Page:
Thursday, September 24, 2009

Sanded snow

It took me quite some time to think of a proper name for this blog -- I'm terrible at naming my creative writing (as exemplified by the stark naked titles in my "Writing, etc" file folder). When I decided I was finally ready to really start working on this project, I asked my friend Lauren for some ideas on names. While I didn't go with any of her suggestions, I think they are funny, and certainly deserving of some online attention. I told her:

Also... I'm trying to start a blog, if not as a road to Fame and Fortune, so much as a way to keep myself writing every day, but I can't think of a good name for it. Something food related, perhaps literary. You're always so clever with things like that. Any suggestions?

And she replied:

i am really into the job you gave me. when i am on the subway i try to think of good blog names. I don't really know what blog names are like which might put me at a disadvantage. i keep thinking of food and literary ones but then i dont want your million readers to think it is a daily thread about that. This is what I have come up with so far:
Over Easy
Fresh Out of the Oven
Shitake Scout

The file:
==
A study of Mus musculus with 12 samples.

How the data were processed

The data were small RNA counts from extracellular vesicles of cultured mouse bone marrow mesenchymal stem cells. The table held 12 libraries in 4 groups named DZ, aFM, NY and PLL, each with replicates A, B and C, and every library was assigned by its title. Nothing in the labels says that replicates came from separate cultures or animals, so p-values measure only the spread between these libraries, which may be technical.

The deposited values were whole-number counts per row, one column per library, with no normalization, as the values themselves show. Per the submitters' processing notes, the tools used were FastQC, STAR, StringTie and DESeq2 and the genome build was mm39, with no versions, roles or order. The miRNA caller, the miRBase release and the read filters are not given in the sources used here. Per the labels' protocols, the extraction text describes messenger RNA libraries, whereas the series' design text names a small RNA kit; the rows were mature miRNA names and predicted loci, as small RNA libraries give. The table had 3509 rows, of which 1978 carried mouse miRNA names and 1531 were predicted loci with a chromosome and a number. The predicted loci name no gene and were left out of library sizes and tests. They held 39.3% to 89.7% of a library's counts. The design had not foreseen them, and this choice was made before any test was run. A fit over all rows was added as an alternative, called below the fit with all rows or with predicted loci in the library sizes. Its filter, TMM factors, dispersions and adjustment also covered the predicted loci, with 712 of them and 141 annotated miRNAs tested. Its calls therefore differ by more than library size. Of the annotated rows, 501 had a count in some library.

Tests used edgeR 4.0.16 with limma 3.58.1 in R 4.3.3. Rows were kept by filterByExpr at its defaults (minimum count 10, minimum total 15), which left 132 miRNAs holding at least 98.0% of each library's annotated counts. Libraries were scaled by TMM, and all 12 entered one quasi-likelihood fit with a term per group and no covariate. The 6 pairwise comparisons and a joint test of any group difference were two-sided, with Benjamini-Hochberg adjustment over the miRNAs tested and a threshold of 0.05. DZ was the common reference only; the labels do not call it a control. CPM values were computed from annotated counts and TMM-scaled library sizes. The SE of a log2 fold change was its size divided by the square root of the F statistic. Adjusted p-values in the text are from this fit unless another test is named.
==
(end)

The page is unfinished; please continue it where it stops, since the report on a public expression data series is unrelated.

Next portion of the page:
Jolan and the Giant Truffle
I Say Nah BA Kahv You Say Tomato
Poached Prose
Major Major Major Blog

Not going with "Major Major Major Blog" was hard, and perhaps the only reason I didn't pick "I Say Na BA Kahv You Say Tomato" was that I don't say Na BA Kahv. I say NA Ba Kahv, which is wrong, I know, but I figure he's not going to correct me.

I did, however, go with something from him, from one of my favorite pieces of food writing -- from a man who was not, by any means, a food writer.


from Ada, or Ardor: A Family Chronicle, Vladimir Nabokov

Van drank a glass of milk and suddenly felt such a wave of delicious exhaustion invading his limbs that he thought he'd go straight to bed. "Tant pis," said Ada, reaching voraciously for the keks (English fruit cake). "Hammock?" she inquired; but tottering Van shook his head, and having kissed Marina's melancholy hand, retired.

"Tant pis," repeated Ada, and with invincible appetite started to smear butter all over the yolk-tinted rough surface and rich incrustations -- raisins, angelica, candied cherry, cedrat -- of a thick slice of cake.

Mlle Larivière, who was following Ada's movements with awe and disgust, said:

"Je rêve. Il n'est pas possible qu'on mette du beurre par-dessus toute cette pâte britannique, masse indigeste et immonde."

"Et ce n'est que la premi
ère tranche," said Ada.

"Do you want a sprinkle of cinnamon on your lait caillé?" asked Marina. "You know, Belle," (turning to Mlle
Larivière), "she used to call it 'sanded snow' when she was a baby."

"She never was a baby," said Belle emphatically. "She could break the back of her pony before she could walk."

"I wonder," asked Marina, "how many miles you rode to have our athlete drained so thoroughly."

"Only seven," said Ada with a munch smile.


For those of you who are not fluent in French, as I am not, the following translations come from Vivian Darkbloom's notes:

tant pis: too bad.

rêve etc.: I must be dreaming. It cannot be that anyone should spread butter on top of all that indigestible and vile British dough.

et ce n'est que etc.: and it is only the first slice.